Nintendo Nintendo Switch

Pokemon Scarlet Marks A New Era For Franchise


Pokemon Scarlet and Violet

Developer: Game Freak
Publisher: Nintendo
Release Date: November 18, 2022
Available as: Digital and Physical

After many competitive years of Pokemon Sword and Shield, a MOBA spinoff in Unite, the Gen 4 remakes Brilliant Diamond and Shining Pearl, and Arceus, Generation 8 has finally come to a close. Generation 9 kicks off with Pokemon Scarlet and Violet, with months of promotional material to whet the appetite of even the most fickle fans. It comes as no surprise that even before release, there were talks of the game's performance as well as several glitches that may affect the overall gameplay.

It was getting out of hand even for general Pokemon discourse, the same discourse that decided Sword and Shield were "bad" because of a low-resolution render of a tree. I think those same people would lose their minds as there's an insane amount of pop-in in Pokemon Scarlet and Violet. It's not enough to break immersion, but it's one of those things where you see a low-resolution model from a distance, then up close it shows its higher-resolution model. The issue here is that the shift from "low-res" to "high-res" doesn't automatically keep up with the game's action. It's not a deal breaker but it's something to take note of.


Players looking for that traditional Pokemon experience will either have to adapt or look elsewhere, as Scarlet and Violet not only reinvent the wheel, it changes the entire car by default. Savvy players who checked out Pokemon Legends Arceus would have deduced that many of its features would retain in the newer titles. I believe during my first impression I had mentioned that the game felt like a "proof of concept," keeping whatever sticks and leaving out the rest. Those who had skipped Arceus altogether, or worse, getting back into the series after a long hiatus will find that Scarlet and Violet are very different.

The "open world" mechanic of Arceus returns, allowing players to catch roaming Pokemon in the wild. As opposed to previous games, lurking in the tall grass does not randomly trigger a Pokemon battle, rather it's used to sneak and catch unsuspecting Pokemon by surprise. Unlike Arceus, which allowed you to catch Pokemon via aiming the Pokeball and locking on to a target, everything is automatic. You still have to engage in a battle to catch a 'mon, but you can throw it off balance if you engage without letting it detect you.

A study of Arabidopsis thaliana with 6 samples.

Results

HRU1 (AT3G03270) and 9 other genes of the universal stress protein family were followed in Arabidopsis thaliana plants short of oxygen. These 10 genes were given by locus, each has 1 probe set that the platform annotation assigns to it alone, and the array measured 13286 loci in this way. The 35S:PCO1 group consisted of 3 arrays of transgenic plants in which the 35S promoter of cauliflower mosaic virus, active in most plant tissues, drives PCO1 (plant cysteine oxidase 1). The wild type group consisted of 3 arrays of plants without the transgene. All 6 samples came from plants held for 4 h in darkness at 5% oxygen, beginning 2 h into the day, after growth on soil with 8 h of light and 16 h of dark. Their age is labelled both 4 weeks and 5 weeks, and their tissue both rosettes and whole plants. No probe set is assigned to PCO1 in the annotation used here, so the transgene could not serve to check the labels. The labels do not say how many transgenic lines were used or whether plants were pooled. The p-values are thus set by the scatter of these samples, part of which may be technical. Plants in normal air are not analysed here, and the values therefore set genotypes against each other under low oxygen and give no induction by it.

The Pokemon battles themselves are a mixed bag. Mechanically combat is still the same as it ever was almost 30 years ago, but it's handled in a similar way to Arceus. Battles are seamless, from the field to combat, with players being able to rotate the camera. Unfortunately, since the environment consists of many hills, you will battle Pokemon on an incline which leads to the camera clipping. A lot. Again, it's not a deal breaker or anything but for a AAA title, I am not sure if these things would exist a few games ago.

There is a viral video circulating everything wrong with the new battle system but this is also "your mileage may vary" territory as the poster claims this was on Handheld instead of Docked. I've been playing Pokemon Scarlet on a mix of both, via our work OLED Switch and my Switch Lite. I hardly notice any difference. Paledea is a vast open world that takes the Wild Area concept first introduced in Sword and Shield and expands upon it greatly. Our story begins with our protagonist getting ready to head to the region's academy, a first in the series as it takes place in a school setting. Before the player begins Pokemon Scarlet, they are asked to customize their appearance.


In the past, the most a player could do was change their hair and its color, skin color, and maybe the color of their eye contact. In this game, not only can you do the previous things, but you can also change your eye shape, eyebrows, mouth shape, and your entire facial appearance. The character models are the most beautiful and "realistic" they have ever been. No more super-deformed characters, but actual human-sized trainers. I won't go into too much of the story and its nuances as that will be saved for the inevitable review (I will explore every inch of this game I've waited years for a new Pokemon game).

I will say that it is unlike any other Pokemon game in the past. The changes to this generation are about as dynamic as the changes made in Sonic Frontiers, which is also ironically an open-world game. Both titles prove that when given a chance, even AAA developers can twist their creative minds to give fans something different, yet familiar. Pokemon Scarlet and Violet will have a lot to prove for it to be the main game of this generation and so far, aside from performance hiccups, it's doing a good job.


Pokemon Scarlet and Violet are now available on the Nintendo Switch.